Reviewed on 7 Jul 2020
Reviewed on 8 Jul 2020
Skiers, hikers, culture vultures, shoppers, art lovers and foodies – all sorts come to the big hub of British Columbia for a different adventure. Thankfully, there's such a wealth of hostels in Vancouver that it's possible to check off this happening metropolis on the Pacific for less, no matter what you're after. There are backpacker pads big and small, stylish and down-to-earth. Some have private rooms, while others tout traditional dorm stays that are sure to leave oodles of dollars for those Whistler ski adventures or hockey tickets. They pepper the Victorian walks of enthralling Gastown and dot the vibrant blocks of West End, where LGBTQ bars mingle with sizzling ramen kitchens.
There was a time when the humble hostel was just a place to drop the bags and rest the head. No longer. You won't need to look far in Vancouver to find an establishment that's sure to indulge your more creative side. Perhaps you'll be greeted by an oversized moose statue in the lobby or discover cosy common spaces that are infused with just a touch of Japanese and East Asian elegance. It's possible to get so-called "poshtels" – posh hostels – with crackling wood fires for the winter months and pod-style beds with their own light fittings and electrical outlets. Hostels in Vancouver can also be akin to hotels, putting double rooms for couples in the middle of vibrant backpacker lounges and shared kitchens.
One of the great treats of hostels in Vancouver is the low-key, laid-back-yet-lively atmosphere they manage to nurture. That may be down to the young and adventurous demographic that walks through their doors. It may be because the abundance of communal facilities helps to get everyone together. Or, it may be because hostel staff are so often passionate about making your stay in BC a memorable one. In fact, all you need to do to get in-the-know recommendations on the top sports bars, Canadian eateries and taste-bud-tingling spots in Chinatown is to hit reception and ask whoever's working.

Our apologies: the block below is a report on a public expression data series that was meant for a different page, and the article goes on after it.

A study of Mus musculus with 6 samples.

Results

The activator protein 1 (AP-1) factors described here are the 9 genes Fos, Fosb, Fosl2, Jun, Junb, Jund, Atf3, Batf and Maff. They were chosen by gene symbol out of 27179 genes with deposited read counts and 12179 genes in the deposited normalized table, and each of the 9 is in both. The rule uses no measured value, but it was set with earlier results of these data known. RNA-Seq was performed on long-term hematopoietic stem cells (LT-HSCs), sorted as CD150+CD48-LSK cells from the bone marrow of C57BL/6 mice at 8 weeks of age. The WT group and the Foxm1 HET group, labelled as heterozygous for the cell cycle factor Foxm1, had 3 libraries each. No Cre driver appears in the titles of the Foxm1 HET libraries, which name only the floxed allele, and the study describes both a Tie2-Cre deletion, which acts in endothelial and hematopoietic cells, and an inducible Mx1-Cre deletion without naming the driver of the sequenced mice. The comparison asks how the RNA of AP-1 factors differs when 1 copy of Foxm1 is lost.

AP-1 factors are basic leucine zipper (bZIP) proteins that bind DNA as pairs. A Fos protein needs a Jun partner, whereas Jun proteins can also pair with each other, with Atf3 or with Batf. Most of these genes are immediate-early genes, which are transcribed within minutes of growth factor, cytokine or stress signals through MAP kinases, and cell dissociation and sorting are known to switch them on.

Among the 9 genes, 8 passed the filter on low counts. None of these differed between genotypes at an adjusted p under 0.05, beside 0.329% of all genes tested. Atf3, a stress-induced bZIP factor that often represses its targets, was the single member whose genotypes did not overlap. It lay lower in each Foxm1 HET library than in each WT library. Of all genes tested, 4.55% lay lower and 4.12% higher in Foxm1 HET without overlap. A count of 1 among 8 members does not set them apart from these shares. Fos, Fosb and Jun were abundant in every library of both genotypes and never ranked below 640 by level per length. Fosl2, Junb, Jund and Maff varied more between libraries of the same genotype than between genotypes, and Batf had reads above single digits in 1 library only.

Nowhere says boutique like the Cambie Hostel. It looks every inch the Victorian-chic hostel you'd expect of somewhere in Vancouver's main heritage district. That's Gastown, which unfolds all around the rollicking hostel bar of Cambie in a patchwork of kitschy eateries, fair-trade coffee roasters, Chinese teashops and soy-scented Canton cookhouses. It's the place to be for souvenir shopping, great oriental food and a glimpse of the iconic Gastown Steam Clock – Vancouver's vapour-spouting timekeeper. Samesun Vancouver is set amid the skyscrapers of Downtown. It channels something of the Far East, with its wood-panelled interiors and feng shui plant displays, but mainly offers a good springboard for visits to the Museum of Vancouver, home to First Nations relics and the tale of the city, and English Bay Beach, where you can hit some volleyballs and gaze out across the Strait of Georgia – keep your eyes peeled for whales.